The New York Times says the trial of Michael Dunn, the middle-aged software developer who shot and killed 17-year-old Jordan Davis at a Jacksonville gas station in 2012, is not about race so much as "the mechanics of Florida's self-defense laws and how juries apply them." In that respect, the Times says, the case is different from George Zimmerman's 2012 shooting of 17-year-old Trayvon Martin in Sanford, Florida. Which is weird, because there was no mention of race in Zimmerman's murder trial, which ended in an acquittal last July, and a juror interviewed afterward said it did not come up during deliberations either.
It seems to me that race may have played a bigger role in Dunn's shooting of Davis, which grew out of an argument over loud music, than it did in Zimmerman's shooting of Martin, which grew out of a violent struggle that Martin seems to have started. It's not just that Dunn is "whiter" than Zimmerman, a Hispanic with an Afro-Peruvian great-grandfather, but that his perception of Davis' allegedly violent intent may have been colored by the fact that he was confronting a bunch of black teenagers (Davis and his friends). In Zimmerman's case, by contrast, people speculated that he mistook Martin for a burglar and decided to follow him at least partly because he was black. Even if that's true, Martin's skin color had nothing to do with whether he started the fight and was smacking Zimmerman's head against the concrete, thereby posing a potentially deadly threat, when Zimmerman fired his gun (although Martin's perception of Zimmerman's racially tinged suspicions may help explain how the fight started).
Presumably Dunn's murder trial, which began yesterday, will involve "the mechanics of Florida's self-defense laws and how juries apply them," as the Times says. It certainly should. But that does not mean any special aspect of Florida's law will determine the outcome. Judging from the opening arguments, the case, like Zimmerman's, comes down to dueling narratives that go to the question of whether the defendant reasonably believed firing his gun was necessary to prevent death or serious injury. According to the prosecution, there was no threat at all, let alone a deadly one.
The undisputed part of the story is that Dunn pulled into the gas station, which included a convenience store, so that his girlfriend could buy wine and potato chips. He was irritated by the music blasting from the SUV in which Davis was riding with his friends and asked them to turn it down. Initially they did, but soon the volume was back up, apparently at the urging of Davis, who said, "Fuck that nigger." (That's according to Davis' friends as well as Dunn.) Davis and Dunn got into an argument, and Dunn ended up firing seven rounds, three of which struck Davis.
Dunn claims Davis threatened to kill him and was getting out of the SUV, armed with something—a shotgun, a lead pipe, or maybe a stick—when he fired his handgun, which he had retrieved from his glove compartment because he felt threatened. Police found no weapons in the SUV or at the scene, although Dunn's lawyer, Cory Strolla, claims Davis' friends had time to ditch whatever it was and that police did not search the area near the gas station until days later, by which time the weapon easily could have been moved again. Police did find a camera tripod, which a frightened man might mistake for a gun, a lead pipe, or a stick.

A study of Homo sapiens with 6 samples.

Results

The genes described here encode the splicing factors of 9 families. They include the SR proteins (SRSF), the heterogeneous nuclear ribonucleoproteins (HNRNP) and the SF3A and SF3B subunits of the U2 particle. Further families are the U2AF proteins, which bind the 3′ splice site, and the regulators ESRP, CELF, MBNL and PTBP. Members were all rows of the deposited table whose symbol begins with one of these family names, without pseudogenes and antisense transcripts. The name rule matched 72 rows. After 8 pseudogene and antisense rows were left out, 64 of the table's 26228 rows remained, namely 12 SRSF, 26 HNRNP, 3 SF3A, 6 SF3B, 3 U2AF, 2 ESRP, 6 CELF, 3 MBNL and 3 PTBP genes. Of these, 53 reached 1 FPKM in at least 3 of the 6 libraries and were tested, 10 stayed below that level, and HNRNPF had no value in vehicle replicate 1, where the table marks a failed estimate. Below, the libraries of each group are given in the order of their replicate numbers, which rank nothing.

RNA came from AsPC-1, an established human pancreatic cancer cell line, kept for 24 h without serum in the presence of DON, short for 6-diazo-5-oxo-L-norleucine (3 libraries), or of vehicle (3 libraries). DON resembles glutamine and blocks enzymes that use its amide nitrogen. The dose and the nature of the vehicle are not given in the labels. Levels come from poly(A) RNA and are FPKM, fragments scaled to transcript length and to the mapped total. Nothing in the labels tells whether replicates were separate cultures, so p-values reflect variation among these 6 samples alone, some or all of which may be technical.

According to the prosecution, Dunn was not frightened at all; he was angry. "[Davis] never threatened the defendant," Assistant State Attorney John Guy (who was also one of the prosecutors in Zimmerman's trial) said yesterday. "He disrespected him." In addition to the missing weapon, Dunn's defense is undermined by the fact that he left the gas station after the shooting and did not call police, even after his girlfriend saw a TV news report about the shooting that said someone had died. The police tracked Dunn down the next day via a license plate number reported by a witness. Strolla said Dunn, who was in Jacksonville for his son's wedding, planned to call the police after he got back to his home in Satellite Beach. This does not seem like the behavior of a man who believed he had used deadly force in a legitimate act of self-defense.
The right to "stand your ground" when you are attacked in a public place—which Florida's self-defense law, like those of many other states, notoriously protects—did not come up yesterday. It could make a difference in Dunn's trial (unlike Zimmerman's) if the prosecution argues that Dunn should simply have driven away when Davis threatened him. But at this point the prosecution seems keen to deny that Davis threatened anything but Dunn's pride. If there was no threat, Dunn cannot possibly claim self-defense, with or without a duty to retreat. And even if Florida imposed a duty to retreat, Dunn could argue that he was unable to safely withdraw when confronted by an armed man who threatened to kill him. The New York Times story, which is headlined "Trial Brings New Scrutiny of Self-Defense Laws," mentions "Stand Your Ground" twice but does not explain why it is relevant to the case.